O come let us ado-ore him, Chri-iiiist, the Lord!
I woke up to someone whistling the final line of O come all ye faithful. It was about one o’clock in the morning. I wondered who it was whistling a tune that immediately transported me to a moment in my childhood shuddering in a church in Richmond, gazing up above, wondering what or who the Lord really was. Earlier in the day I had spoken to Radio Cumbria. As I waited my turn to come up live, I learned of an oil spillage at junction 6 on the M11, or was it junction 11 on the M6? Radio Cumbria’s news bulletin streamed into my right ear and I was briefly deeply homesick. After my interview I said to the technician, ‘What I would do to be in Cumbria right now.’ But the moment the words were out, I realised it wasn’t quite true.
I spoke to the Bishop of the Anglican church here, André Soares. The subject was the Archbishop of Canterbury, who arrived here about three hours ago and will stay until Tuesday. But we digressed, and spoke instead about Anglicanism in Angola. Apparently it arrived in 1925 when a British priest from Liverpool turned up in the northern province of Uíje. My husband is from Liverpool. I told the Bishop and very generously he said that meant I had special links with Angola. I was flattered, and encouraged. I told the Bishop about my great uncle. He was a monk who worked with Trevor Huddleston in Soweto, and at one stage taught Archbishop Desmond Tutu. Bishop Soares was, once more, enthusiastic.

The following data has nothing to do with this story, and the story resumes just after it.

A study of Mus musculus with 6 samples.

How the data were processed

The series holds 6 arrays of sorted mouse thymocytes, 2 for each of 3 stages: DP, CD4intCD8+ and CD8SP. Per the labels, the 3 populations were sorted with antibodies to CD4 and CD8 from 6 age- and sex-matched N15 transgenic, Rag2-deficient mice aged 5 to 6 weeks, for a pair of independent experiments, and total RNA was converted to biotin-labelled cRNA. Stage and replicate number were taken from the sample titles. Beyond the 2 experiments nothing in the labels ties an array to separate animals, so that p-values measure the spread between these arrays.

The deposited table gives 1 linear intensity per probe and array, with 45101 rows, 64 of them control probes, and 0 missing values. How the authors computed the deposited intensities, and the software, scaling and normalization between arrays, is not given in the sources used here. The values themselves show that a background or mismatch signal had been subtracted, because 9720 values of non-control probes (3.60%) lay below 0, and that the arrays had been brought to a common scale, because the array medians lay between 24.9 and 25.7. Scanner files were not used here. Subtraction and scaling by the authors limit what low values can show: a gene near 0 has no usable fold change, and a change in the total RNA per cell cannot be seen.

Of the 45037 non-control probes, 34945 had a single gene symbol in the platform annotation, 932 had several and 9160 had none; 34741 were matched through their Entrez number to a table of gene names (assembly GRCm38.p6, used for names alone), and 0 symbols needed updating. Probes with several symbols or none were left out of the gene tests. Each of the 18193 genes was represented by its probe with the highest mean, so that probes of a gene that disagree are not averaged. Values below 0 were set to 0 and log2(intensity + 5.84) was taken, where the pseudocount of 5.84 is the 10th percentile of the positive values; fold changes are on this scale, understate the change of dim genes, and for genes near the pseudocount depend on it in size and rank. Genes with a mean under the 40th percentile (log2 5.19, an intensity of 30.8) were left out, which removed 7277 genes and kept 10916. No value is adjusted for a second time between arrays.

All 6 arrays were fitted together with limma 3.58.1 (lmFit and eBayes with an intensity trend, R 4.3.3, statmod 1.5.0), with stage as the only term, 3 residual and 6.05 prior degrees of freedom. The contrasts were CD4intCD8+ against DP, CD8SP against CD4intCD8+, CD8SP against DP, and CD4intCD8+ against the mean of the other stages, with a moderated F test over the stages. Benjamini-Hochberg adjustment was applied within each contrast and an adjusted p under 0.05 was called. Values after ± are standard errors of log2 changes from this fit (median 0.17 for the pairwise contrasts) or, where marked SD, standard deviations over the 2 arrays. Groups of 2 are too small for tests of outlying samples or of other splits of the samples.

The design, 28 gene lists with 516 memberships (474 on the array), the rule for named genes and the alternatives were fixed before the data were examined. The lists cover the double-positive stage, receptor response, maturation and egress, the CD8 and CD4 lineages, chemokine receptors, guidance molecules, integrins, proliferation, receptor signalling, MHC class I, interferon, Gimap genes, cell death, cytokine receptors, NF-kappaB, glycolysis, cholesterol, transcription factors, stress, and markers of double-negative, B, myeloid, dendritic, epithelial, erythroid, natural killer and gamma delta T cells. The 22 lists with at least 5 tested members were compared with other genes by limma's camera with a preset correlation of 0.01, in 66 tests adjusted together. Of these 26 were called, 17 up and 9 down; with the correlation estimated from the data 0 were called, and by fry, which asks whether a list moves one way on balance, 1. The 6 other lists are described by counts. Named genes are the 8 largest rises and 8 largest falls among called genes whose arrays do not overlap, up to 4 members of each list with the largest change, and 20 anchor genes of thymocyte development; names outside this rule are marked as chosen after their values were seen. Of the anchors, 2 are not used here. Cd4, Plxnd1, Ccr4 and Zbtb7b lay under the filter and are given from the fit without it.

‘Which church are you going to?’
A terrible silence fell down the line.
‘I don’t. I mean… err… I don’t go that often.’
He knew I was lying but, again, was generous, and chose to ignore. He told me about a church that has a service in English every Sunday morning at 8am.
‘The American ambassador comes.’
My landlady was very cross with me recently when I told her I didn’t believe. Nothing makes her cross, but this made her really cross. She asked me why I didn’t believe and I tried to avoiding saying what I really felt because I didn’t want to upset her any more than I already had. Some friends of hers came to dinner. One of them asked me a question.
‘Are you an angel?’
I laughed, but his eyes remained fixed on mine.
‘Are you an angel? I can tell you love Jesus as much as me.’
Fear struck. Is that really how I appear?
‘No, I don’t, I don’t! I don’t love Jesus. I don’t believe in Jesus.’
Great disappointment around the table. Everyone gazing at me, pitying but confused. The same man broke the silence.
‘I love Jesus. Jesus is everything to me.’
I could see he felt sorry for me. He looked visibly upset for me.
‘Jesus is my love and my life. My life.’